Sunshine over Tara mountains, also known as Dinaric alps, Serbia. Photo by: Uros Petrovic
Belgrade’s famous historical and creative neighborhood Savamala, Visit here.
Djavolja Varos has been placed under government protection in 1959, while in 1995, by the Resolution of the Serbian Government, it was declared the natural amenity of an outstanding importance, giving it the first-category level of protection – NATURAL MONUMENT. Visit here.
Photo by Dragana B. Stevanovic
Novi Sad – easy going and surrounded by fertile arable pastures, the Fruška Gora mountain and the Danube river, the charming capital city of Vojvodina is a gem amongst the Serbian cities to visit. Because of its cultural importance, it is also called „Serbian Athens“ and is home to south-east Europe’s largest music festival – EXIT, which seems to have gained a global reputation for its diversity and top notch music. Visit here.
The Wooden Town, also known as Küstendorf and Mecavnik, is a traditional village that the Serbian film director Emir Kusturica built for his film entitled “Life is a Miracle”. It is located near National park “Tara”, two hundred kilometers southwest of Serbia’s capital, Belgrade. Because of the Wooden Town, Kusturica was the 2005 recipient of the Philippe Rotthier European Architecture award. Visit here.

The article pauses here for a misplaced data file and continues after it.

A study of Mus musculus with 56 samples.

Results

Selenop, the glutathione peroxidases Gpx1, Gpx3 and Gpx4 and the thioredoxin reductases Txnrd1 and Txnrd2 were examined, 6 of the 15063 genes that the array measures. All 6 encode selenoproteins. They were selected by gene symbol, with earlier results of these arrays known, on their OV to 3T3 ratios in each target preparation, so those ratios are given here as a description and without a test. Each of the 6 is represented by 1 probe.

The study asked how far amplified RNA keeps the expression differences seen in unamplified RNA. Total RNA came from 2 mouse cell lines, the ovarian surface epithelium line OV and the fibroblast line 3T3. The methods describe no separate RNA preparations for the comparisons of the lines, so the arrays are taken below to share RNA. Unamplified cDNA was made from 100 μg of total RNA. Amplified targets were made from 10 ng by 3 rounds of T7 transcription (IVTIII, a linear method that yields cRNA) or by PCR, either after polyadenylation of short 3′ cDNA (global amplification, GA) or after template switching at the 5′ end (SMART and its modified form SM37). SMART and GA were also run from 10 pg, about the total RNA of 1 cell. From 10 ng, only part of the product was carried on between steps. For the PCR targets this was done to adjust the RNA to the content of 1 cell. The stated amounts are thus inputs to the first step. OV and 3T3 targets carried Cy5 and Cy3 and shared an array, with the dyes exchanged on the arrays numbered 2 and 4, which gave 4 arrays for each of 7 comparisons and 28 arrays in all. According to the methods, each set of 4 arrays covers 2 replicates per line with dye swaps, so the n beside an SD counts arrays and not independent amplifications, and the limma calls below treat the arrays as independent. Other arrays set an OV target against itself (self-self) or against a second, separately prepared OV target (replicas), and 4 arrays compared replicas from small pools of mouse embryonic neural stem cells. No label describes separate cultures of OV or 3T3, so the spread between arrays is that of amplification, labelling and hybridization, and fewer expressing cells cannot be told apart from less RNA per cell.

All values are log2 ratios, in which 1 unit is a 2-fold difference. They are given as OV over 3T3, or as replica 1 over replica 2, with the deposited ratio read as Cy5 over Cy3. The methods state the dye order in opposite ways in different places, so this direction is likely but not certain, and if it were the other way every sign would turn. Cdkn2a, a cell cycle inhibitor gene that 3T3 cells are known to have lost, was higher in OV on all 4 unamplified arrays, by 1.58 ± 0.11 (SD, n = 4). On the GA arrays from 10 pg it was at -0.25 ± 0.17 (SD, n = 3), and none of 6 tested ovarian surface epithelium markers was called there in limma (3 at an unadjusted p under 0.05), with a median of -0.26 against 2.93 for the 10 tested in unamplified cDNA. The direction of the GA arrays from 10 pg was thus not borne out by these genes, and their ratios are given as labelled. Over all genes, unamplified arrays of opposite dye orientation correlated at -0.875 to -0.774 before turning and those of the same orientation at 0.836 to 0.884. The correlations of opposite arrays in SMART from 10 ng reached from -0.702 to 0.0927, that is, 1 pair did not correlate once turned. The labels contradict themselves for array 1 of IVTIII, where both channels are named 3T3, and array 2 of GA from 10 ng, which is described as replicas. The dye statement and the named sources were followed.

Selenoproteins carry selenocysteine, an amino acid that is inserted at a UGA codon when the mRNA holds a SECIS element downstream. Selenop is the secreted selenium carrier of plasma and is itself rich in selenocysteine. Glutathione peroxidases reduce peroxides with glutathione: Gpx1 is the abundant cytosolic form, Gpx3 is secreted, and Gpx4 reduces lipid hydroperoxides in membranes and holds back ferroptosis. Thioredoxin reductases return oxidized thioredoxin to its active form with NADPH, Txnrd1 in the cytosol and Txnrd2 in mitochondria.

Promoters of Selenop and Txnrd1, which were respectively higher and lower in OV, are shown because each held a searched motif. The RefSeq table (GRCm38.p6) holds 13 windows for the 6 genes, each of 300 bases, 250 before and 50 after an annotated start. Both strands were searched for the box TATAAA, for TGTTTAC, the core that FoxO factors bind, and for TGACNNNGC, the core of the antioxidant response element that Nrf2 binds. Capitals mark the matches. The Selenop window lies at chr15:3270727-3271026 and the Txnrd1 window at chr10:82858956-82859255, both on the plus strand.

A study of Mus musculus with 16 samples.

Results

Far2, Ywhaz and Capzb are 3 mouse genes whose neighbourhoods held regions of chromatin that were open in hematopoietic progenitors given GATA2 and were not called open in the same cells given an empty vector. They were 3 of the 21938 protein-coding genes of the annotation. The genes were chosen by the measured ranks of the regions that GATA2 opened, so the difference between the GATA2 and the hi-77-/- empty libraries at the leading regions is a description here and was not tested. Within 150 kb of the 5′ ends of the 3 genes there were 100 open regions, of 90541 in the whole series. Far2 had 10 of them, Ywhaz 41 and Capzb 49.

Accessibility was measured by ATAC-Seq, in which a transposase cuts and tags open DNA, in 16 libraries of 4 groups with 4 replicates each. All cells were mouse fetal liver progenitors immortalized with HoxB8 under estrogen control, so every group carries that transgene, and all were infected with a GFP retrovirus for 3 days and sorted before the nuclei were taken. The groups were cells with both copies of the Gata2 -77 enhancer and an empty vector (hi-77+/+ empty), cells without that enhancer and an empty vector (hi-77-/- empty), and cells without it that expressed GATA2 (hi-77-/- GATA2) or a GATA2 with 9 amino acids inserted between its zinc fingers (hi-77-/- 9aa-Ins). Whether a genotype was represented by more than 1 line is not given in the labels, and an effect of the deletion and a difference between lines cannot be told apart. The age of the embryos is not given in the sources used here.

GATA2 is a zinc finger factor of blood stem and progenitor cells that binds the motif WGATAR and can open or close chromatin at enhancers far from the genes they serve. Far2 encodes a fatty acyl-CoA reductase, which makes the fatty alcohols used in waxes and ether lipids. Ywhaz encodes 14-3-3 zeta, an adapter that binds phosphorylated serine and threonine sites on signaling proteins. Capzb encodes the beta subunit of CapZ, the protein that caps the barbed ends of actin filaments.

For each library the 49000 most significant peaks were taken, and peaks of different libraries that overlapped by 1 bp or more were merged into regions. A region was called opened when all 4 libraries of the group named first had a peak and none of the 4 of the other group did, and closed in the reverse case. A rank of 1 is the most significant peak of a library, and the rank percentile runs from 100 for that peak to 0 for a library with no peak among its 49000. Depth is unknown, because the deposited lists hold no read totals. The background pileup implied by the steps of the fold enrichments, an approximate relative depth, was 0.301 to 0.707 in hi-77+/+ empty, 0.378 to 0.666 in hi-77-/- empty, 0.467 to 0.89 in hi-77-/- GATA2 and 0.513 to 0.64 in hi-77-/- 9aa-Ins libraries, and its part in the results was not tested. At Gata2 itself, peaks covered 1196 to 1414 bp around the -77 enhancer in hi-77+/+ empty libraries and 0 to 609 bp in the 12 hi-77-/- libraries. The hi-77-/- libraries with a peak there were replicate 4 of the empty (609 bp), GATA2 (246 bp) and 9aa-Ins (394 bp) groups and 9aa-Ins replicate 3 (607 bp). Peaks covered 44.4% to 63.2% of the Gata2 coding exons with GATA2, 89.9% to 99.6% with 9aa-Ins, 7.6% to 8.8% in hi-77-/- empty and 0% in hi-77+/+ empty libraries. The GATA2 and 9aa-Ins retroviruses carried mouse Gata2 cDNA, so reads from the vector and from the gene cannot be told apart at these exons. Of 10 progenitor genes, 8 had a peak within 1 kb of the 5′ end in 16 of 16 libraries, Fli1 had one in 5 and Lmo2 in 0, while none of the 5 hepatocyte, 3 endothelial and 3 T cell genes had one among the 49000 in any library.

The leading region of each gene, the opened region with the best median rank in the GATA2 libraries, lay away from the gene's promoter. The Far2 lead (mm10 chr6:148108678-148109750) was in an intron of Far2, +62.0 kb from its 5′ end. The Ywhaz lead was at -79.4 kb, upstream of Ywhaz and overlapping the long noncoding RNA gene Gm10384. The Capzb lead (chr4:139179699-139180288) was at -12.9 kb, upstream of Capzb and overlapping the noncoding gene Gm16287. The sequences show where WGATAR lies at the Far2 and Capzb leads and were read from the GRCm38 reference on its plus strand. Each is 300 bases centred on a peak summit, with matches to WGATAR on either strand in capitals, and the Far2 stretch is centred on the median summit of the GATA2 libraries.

Uvac Lake Meanders – a breathtaking nature of the reserve Uvac is one of the most beautiful places in Serbia and a top destination for true nature lovers. Uvac river forms the three lakes (Uvac, Zlatar and Radoinja). This place is also home to protected bird species – the griffon vulture and we are bound to see lots of these nature cleaners. Visit here.
Zlatar, one of the three lakes formed from Uvac river. Visit here.
A house without neighbors. The house that has perched on a rock in the middle of a Drina river for 40 years, Serbia. Photo by: Irene Becker. Visit here.
Golubac Fortress used to be a medieval town with a fort on the south side of the Danube River, 4 km downstream from the modern-day town of Golubac, Serbia. The fortress, which was most likely built during the 14th century, is split into three compounds which were built in stages. It has ten towers several of which received a number of reinforcements with the advent of firearms. Visit here.
Viminacium was a major city (provincial capital) and military camp of the Roman province of Moesia ( Serbia of today), and the capital of Moesia Superior. The site is located 12 km (7.5 mi) from the town of Kostolac in Eastern Serbia of today. The city dates back to the 1st century AD, and at its height it is believed to have had 40,000 inhabitants, making it one of the biggest cities of the time. It lies on the Roman Road Via Militaris. Viminacium was plundered and devastated by the Huns in the 5th century, but was later rebuilt by the tzar Justinian. It was completely destroyed with the arrival of the Slavs in the 6th century. Today, the archaeological site occupies a total of 450 hectares (1,100 acres), and contains the remains of temples, roads, squares, amphitheatres, palaces, hippodromes and Roman baths. Visit here.
Dragana Kostica is the Belgrade-based editor in chief and founder of Still in Belgrade art, culture and club scene magazine. She holds a Master of Arts in Cultural Policy and Management in Arts (MA of Arts) and a Bachelor degree in Archaeology.